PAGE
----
Government watchdog Judicial Watch on Thursday announced it is suing California Gov. Gavin Newsom for an executive action that will hand out cash to illegal aliens in the state while depriving U.S. citizens of the same benefit.
The governor announced April 15 an executive initiative to spend $75 million of taxpayer money “to provide direct cash assistance to unlawfully present aliens,” Judicial Watch said.
The lawsuit, filed on behalf of Robin Crest and Howard Myers, was submitted to the Superior Court in Los Angeles County.
“Gov. Newsom has no legal authority on his own to spend state taxpayer money for cash payments to illegal aliens,” said Judicial Watch President Tom Fitton. “The coronavirus challenge doesn’t give politicians a pass to violate the law. If California politicians want to give cash payments to illegal aliens, they must be accountable and transparent, and, as federal law requires, pass a law to do so.”
The complaint alleges Newsom overstepped his authority and also violated federal law when his executive action established the Disaster Relief Assistance for Immigrants Project.
Its objective is to support illegal aliens “who otherwise are ineligible for state or federal insurance or other benefits due to their unlawful presence in the United States.”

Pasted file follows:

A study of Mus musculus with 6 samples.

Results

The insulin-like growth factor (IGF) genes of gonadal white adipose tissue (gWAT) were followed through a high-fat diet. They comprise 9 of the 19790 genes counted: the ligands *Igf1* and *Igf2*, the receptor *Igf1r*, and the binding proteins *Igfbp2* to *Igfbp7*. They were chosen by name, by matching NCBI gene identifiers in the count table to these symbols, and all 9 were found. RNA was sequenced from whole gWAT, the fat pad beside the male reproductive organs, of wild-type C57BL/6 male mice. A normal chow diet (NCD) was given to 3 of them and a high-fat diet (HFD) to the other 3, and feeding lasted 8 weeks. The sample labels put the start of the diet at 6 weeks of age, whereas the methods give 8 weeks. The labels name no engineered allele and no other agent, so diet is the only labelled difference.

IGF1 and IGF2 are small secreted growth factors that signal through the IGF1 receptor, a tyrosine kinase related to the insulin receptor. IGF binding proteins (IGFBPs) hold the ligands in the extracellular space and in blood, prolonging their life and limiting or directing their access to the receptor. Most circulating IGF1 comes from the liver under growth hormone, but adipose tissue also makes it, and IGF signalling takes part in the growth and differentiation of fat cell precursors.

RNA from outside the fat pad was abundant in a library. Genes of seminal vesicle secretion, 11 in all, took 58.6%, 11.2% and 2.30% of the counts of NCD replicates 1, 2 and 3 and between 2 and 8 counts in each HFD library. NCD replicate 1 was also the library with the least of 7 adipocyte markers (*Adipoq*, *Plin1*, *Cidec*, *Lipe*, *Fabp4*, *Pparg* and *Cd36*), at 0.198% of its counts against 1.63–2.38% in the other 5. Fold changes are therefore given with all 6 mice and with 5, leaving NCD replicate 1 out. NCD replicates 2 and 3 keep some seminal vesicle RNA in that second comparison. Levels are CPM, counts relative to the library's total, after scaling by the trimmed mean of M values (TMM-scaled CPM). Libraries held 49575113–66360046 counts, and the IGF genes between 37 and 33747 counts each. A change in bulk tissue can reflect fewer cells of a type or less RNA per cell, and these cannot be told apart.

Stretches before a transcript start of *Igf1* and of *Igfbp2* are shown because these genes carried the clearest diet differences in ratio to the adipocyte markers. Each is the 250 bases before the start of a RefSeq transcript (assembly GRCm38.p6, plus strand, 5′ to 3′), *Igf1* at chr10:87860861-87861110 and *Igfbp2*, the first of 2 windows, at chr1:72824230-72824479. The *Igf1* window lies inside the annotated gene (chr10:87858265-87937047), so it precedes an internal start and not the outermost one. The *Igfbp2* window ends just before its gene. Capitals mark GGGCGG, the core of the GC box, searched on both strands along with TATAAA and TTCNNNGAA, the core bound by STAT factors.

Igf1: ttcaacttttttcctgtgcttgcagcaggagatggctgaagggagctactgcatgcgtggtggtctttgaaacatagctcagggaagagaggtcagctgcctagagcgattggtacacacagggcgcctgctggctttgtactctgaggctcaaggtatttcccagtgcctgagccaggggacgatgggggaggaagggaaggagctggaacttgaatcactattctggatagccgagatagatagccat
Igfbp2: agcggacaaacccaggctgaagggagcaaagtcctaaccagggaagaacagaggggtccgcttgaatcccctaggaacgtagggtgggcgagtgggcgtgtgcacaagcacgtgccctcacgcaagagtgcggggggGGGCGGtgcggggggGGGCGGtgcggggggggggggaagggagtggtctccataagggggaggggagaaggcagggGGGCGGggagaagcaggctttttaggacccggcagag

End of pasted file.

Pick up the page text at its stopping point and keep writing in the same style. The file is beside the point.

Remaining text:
The governor’s plan includes $4.8 million to run the program, which would give a one-time cash benefit of $500 per adult or $1,000 per household to 150,000 illegal aliens in the state.
“These benefits are not provided to U.S. citizens residing in the state,” Judicial Watch said.
“Under federal immigration law, 8 U.S.C. § 1621(a), unlawfully present aliens generally are ineligible for state or local public benefits. Section 1621(d) requires a state legislature to enact a state law which affirmatively provides for such benefits for illegal aliens,” the organization said.
The complaint says Newsom plans to use “immigrant-serving community-based nonprofit organizations” to hand out benefits.
And his own “fact sheet” says “only unlawfully present aliens are eligible for direct assistance.”
The money is to come directly from state personal income taxes, sales and use taxes, and corporate taxes.
“As a consequence, the $75 million expenditure is an illegal expenditure of taxpayer funds under California law,” the complaint asserts.
The lawsuit seeks an order halting the program.